In Guatemala, like many undeveloped countries, women are often held back despite their desire to learn. As girls, they can be kept out of schools because there is only enough money to send one child to school and boys are given preference. Then, as young women, they may drop of out of school due to pressures such as becoming mothers before they are ready, being kept at home to help with siblings, housework, and sick parents, and sometimes experiencing verbal and physical abuse at home.
An investment in women means the primary influence, and often the most consistently present adult in a home, has an education and shares the benefits of that with her family.
Two Young Women Make the Leap to a Higher Education
Josefa’s story Like many dump children, 18 year old Josefa’s family did not have the money to pay for school tuition. It was through a Paso a Paso scholarship that she was able to continue studying after elementary school. Her family has endured losing a beloved grandmother, who was also contributing to their household income; having their father walk out on them and leave them with no income; and a brother dropping out of school to earn money at the dump. Josefa is also constantly mocked by her uncles for her desire to study.
Josefa learned at Paso a Paso that education is the way out of poverty and and clings to it as her motivation. She is now in her last year of studies with the hope to continue at a university so she can become an auditor with IS. She keeps busy by volunteering in the accounting department with IS and well as doing an internship at the audit firm Barrera and Rivera.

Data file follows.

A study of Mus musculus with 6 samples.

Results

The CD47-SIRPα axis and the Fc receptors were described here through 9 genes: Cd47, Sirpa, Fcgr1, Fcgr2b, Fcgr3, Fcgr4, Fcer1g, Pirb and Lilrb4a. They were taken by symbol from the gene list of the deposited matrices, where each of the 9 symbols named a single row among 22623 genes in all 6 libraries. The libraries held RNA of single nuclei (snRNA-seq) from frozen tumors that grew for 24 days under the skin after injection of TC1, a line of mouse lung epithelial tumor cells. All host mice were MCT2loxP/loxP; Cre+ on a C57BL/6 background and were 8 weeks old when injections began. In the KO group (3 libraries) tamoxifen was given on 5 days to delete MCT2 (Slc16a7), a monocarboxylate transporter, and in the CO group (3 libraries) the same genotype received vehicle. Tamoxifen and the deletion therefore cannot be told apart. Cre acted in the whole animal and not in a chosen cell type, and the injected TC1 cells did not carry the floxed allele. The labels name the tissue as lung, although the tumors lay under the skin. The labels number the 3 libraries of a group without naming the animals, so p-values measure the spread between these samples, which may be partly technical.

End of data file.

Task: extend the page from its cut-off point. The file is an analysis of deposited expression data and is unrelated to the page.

Brenda’s story Brenda is 17 years old and is studying to be a bilingual secretary. She has surpassed her own expectations by not dropping out of school and now hopes to attend college to study psychology. Although she is a good student, her path was not an easy one.
An older stepbrother has long pressured her because of his envy and jealousy that she will surpass him. Her stepfather perpetuates the problem by spoiling his son, and abusing his wife and the other children in the family. Brenda’s escape is the positive environment she has in class and while volunteering at Paso a Paso as well as interning with Turitran, the company International Samaritan uses to support volunteers in Guatemala and El Salvador, as a bilingual secretary. She also regularily practices her English with the volunteers.
International Samaritan believes that both male and female students can succeed and thus gives them equal opportunity through its education programs. According to the United Nations’ Gender Inequality Index, only 49% of Guatemalan women participate in the labor force as opposed to 88.3% of men. Beyond educating young women without any discrimination, International Samaritan shares opportunity for work training in the form of internships, so that they may be as qualified as any other person competing for a job.
Get involved > You can be a part of supporting young women like Brenda and Josefa by funding a full or partial scholarship for one year in our Paso a Paso program. Education and empowering young women is critical to change society’s attitude and shape the mothers of future generations.
Visit us online at www.intsam.org/donate and make your donation today.